A contract to purchase real estate includes a sale price, mortgage to be obtained (more often than not) and a closing date. However, there is more to a contract to purchase than these details, and that includes the content language in the contract document. The form of the real estate contract prepared by a REALTOR® or real estate licensee can be different from one real estate company to another, from county to county and from state to state. I am providing the Real Estate Contract from the New Jersey Association of REALTORS® for review purposes.
While price and terms are important, the most overlooked aspect, and perhaps a very important consideration for the seller, are the conditions in the real estate contract offer. All real estate contracts have conditions. A condition in a contract offer can be more easily explained as a subject to event.
The most common condition is that the contract is subject to the buyer obtaining mortgage approval and a written mortgage commitment within a certain time frame in the amount required to purchase the home.
Another very common condition is that the buyer performs a termite inspection, home inspection and perhaps a radon inspection within a certain time frame. These type inspections
are so common that they are pre-printed and included in the real estate contract as shown above. Other important inspection clauses that are also found in real estate contracts are the lead based paint inspection, underground oil tank, well water, septic tank and others which may be pertinent to the location of the property.
As previously mentioned, these type conditions are found in most all real estate contracts. What is important and needs to be reviewed is that as a condition, these subject to clauses can be a concern to a seller. The concern is not that a mortgage needs to be obtained or that a home inspection needs to be done, but it is a question of in what time frames will these be completed by the buyer.
In most circumstances, the seller has agreed to take their home off the market during the time frame in which the buyer needs to obtain mortgage approval and conduct their inspections. It is that time frame, if too long, which could be questioned by the seller during a contract presentation.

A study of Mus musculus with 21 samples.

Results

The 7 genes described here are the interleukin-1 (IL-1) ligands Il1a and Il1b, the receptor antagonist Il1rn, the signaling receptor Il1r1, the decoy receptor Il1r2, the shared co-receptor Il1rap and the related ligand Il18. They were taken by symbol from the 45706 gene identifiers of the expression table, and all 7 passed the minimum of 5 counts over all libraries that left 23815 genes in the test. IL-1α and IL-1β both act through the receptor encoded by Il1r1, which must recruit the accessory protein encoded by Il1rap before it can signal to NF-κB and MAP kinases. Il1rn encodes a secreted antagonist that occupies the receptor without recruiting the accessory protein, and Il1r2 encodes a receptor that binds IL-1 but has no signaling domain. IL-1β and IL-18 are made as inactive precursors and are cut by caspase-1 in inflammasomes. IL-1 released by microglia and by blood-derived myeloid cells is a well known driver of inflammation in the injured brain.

Time frames vary in obtaining mortgage approval and in conducting inspections. It is important that a buyer understands the process and time frame in submitting a formal mortgage application and the time frame in conducting the required inspections and obtaining the written reports. A diligent REALTOR® or Buyer Agent can provide valuable assistance and guidance in suggesting appropriate time frames. If the dates are too long, they may have a negative response from the seller in contract negotiations. If the dates are too short, complications could arise, such as waiver of inspections or perhaps even voiding of the contract of sale. The sooner the buyer can complete the conditions in the contract, the more comfortable the seller will be in knowing that there home will be under contract with all contingencies being satisfied.
There are other subject to contingencies that can be more of a concern to a home seller, such as subject to the sale of the buyer’s present home, especially if it is not yet on the market for sale or not under contract. While it is understandable that a home buyer needs the equity from their home sale in order to purchase another home, many sellers may not be willing take their home off the market and wait for the buyer to sell their current home.
A buyer with a home sale contingency is a much weaker buyer than a buyer without a home sale contingency. However, a buyer who has a signed contract on the sale of their home would be in a much better negotiating position than one without a sales contract. It is important that the REALTOR® or Buyer Agent is completely informed and aware of all circumstances related to the buyer’s financial needs in order to provide professional guidance and assistance.
When submitting a contract offer, so much is dependent on the seller and what time frame they have in selling. Some sellers are extremely flexible in when they would like to close, others are buying another home and need a specific date and others just may need a fast closing due to relocation or otherwise. The seller’s situation and home sale needs will be the factor in whether a buyer’s home sale contingency is something that may be acceptable or something which is completely unacceptable.
While price is an important aspect in contract presentations and negotiation, the conditions in the contract, such as mortgage terms, inspection time frames and other contingencies, are the most overlooked details by buyers in making a contract offer. In fact, it is quite common that the conditions in a contract offer are the reason the offer is not accepted and not the price.